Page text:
Earlier this month at Antec 2011 in Boston I took part in a round-table discussion on sustainability, greenwashing and the role of the plastics trade media.
The session was chaired by David McIntosh, senior engineer of materials and development at Fabri-Kal Corp., a major thermoformer based in Kalamazoo, Mich.
McIntosh feels strongly about the topic of greenwashing, and he's become quite an expert. His company makes food-service products like drink cups out of a variety of materials — polylactic acid, PET, polystyrene, polypropylene and polyethylene.
So you might say McIntosh is agnostic when it comes to which plastic is the most sustainable. He knows it all depends on the application.
But not everyone in the plastics industry can look at materials from such a balanced perspective. Some companies — both suppliers and processors — depend on a single material for their livelihood. So it's only natural that they spend a lot of time making sure that material is portrayed in a favorable light.
Sometimes they cross the line and go too far. When they do, it can take two forms, materials bashing — highlighting the drawbacks of competing materials — or greenwashing.
McIntosh offered a good definition of greenwashing: “The inevitable result when salesmanship and marketeering attempt to capitalize on the broad consumer appeal of sustainability and environmental responsibility to influence purchasing or policy decisions.”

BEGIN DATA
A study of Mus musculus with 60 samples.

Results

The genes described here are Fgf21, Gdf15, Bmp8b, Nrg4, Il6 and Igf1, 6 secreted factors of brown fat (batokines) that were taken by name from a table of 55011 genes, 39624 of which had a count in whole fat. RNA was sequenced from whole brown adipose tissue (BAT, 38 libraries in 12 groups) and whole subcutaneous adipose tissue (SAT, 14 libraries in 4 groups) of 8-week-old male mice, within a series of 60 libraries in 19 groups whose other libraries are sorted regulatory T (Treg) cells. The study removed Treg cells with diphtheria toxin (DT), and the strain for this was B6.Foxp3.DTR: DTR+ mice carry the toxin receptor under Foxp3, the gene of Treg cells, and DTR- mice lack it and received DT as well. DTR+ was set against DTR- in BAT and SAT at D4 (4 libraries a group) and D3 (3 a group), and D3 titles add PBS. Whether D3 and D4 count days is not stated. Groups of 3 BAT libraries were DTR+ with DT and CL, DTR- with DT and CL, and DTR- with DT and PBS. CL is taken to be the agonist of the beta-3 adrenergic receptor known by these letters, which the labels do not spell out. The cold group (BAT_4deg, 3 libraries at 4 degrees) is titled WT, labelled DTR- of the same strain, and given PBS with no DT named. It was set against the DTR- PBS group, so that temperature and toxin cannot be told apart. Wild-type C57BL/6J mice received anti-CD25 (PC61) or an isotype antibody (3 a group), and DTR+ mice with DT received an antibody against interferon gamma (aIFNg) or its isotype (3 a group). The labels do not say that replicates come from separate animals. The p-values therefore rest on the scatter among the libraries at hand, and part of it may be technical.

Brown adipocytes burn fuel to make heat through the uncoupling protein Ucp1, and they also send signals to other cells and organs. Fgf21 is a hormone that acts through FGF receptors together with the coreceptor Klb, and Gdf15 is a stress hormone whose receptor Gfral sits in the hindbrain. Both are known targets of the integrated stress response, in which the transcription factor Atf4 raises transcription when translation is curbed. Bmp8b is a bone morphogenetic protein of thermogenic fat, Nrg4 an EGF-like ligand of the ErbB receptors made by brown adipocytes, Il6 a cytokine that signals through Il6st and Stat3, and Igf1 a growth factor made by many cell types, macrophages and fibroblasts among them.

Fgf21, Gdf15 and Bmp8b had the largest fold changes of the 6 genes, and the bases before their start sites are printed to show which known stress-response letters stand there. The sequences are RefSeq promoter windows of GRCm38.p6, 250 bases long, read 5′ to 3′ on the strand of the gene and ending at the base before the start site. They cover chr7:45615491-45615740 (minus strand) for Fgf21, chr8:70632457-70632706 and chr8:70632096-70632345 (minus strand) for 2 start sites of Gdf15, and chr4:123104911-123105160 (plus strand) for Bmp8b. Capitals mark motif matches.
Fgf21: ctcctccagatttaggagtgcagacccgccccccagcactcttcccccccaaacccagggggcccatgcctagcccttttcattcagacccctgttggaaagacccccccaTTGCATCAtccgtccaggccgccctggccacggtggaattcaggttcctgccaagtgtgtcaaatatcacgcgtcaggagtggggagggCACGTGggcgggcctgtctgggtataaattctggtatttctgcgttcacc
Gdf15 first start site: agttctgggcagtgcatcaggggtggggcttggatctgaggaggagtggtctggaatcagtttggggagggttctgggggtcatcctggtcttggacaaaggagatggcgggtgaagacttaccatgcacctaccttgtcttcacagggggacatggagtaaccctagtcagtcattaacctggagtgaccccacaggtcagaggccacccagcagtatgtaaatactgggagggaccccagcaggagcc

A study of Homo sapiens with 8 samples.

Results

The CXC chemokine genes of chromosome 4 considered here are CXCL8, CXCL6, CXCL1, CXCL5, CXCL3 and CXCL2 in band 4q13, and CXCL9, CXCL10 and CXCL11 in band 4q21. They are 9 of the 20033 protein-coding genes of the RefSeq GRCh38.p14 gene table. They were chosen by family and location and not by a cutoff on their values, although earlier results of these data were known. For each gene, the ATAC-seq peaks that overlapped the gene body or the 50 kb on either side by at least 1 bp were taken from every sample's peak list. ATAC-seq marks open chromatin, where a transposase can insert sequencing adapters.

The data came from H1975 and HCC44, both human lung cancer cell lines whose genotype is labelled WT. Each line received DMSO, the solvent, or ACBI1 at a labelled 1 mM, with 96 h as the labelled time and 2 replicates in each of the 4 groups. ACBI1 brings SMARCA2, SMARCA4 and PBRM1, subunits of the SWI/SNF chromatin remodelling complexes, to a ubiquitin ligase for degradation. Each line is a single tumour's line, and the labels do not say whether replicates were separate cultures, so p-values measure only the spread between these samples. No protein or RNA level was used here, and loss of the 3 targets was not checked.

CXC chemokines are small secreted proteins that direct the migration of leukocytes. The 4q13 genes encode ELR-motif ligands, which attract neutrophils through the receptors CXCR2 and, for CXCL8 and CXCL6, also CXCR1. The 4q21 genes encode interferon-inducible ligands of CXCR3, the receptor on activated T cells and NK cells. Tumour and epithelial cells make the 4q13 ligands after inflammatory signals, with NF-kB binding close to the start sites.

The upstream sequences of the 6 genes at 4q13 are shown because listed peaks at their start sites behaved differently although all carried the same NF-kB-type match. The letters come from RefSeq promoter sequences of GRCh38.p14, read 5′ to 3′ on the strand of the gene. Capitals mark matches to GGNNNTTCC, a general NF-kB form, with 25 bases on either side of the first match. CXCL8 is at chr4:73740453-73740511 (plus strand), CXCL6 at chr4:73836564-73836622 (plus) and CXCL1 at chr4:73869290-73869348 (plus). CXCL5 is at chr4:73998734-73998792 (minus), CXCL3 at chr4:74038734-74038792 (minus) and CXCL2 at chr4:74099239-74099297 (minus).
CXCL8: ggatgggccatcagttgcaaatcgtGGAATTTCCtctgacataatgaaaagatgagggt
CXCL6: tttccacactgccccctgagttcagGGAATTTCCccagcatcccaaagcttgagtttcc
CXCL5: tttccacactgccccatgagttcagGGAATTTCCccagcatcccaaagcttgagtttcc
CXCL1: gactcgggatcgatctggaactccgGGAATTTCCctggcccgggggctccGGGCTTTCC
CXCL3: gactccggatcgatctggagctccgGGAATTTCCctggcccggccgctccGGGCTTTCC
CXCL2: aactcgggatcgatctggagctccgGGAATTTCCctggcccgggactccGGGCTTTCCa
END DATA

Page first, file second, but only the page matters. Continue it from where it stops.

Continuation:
When a company uses greenwashing in its marketing, it ends up misleading consumers by making claims that aren't backed up by facts. The drawback of greenwashing is obvious: As McIntosh put it, greenwashing reduces the industry's credibility when communicating the legitimate benefits of plastic products.
Much of the discussion at our Antec round table focused on the place in the market for bio-based polymers, and especially those materials that claim to be biodegradable. That's an area that's long been a magnet for greenwashing.
It's becoming apparent that, at least to a segment of the public, biodegradability is seen as a plus. I've seen a growing number of plastics critics who say things like “every piece of plastic ever made still exists, and will be here for decades.” That's a powerful statement.
Still, degradability has appeal because a lot of plastics aren't being recycled or recovered for their energy value. Too often, it seems, they're disposed of in the least sustainable way possible — they end up as litter or marine debris.
But biodegradability is not the holy grail of sustainable packaging. For one thing, just about any product that ends up in a modern landfill will still be there decades into the future.
The bottom line is that all products, regardless of the material, have an impact on the environment. The extent of the impact depends on a variety of factors, and plastics are frequently the most sustainable choice.
Loepp is editor of Plastics News and author of “The Plastics Blog.”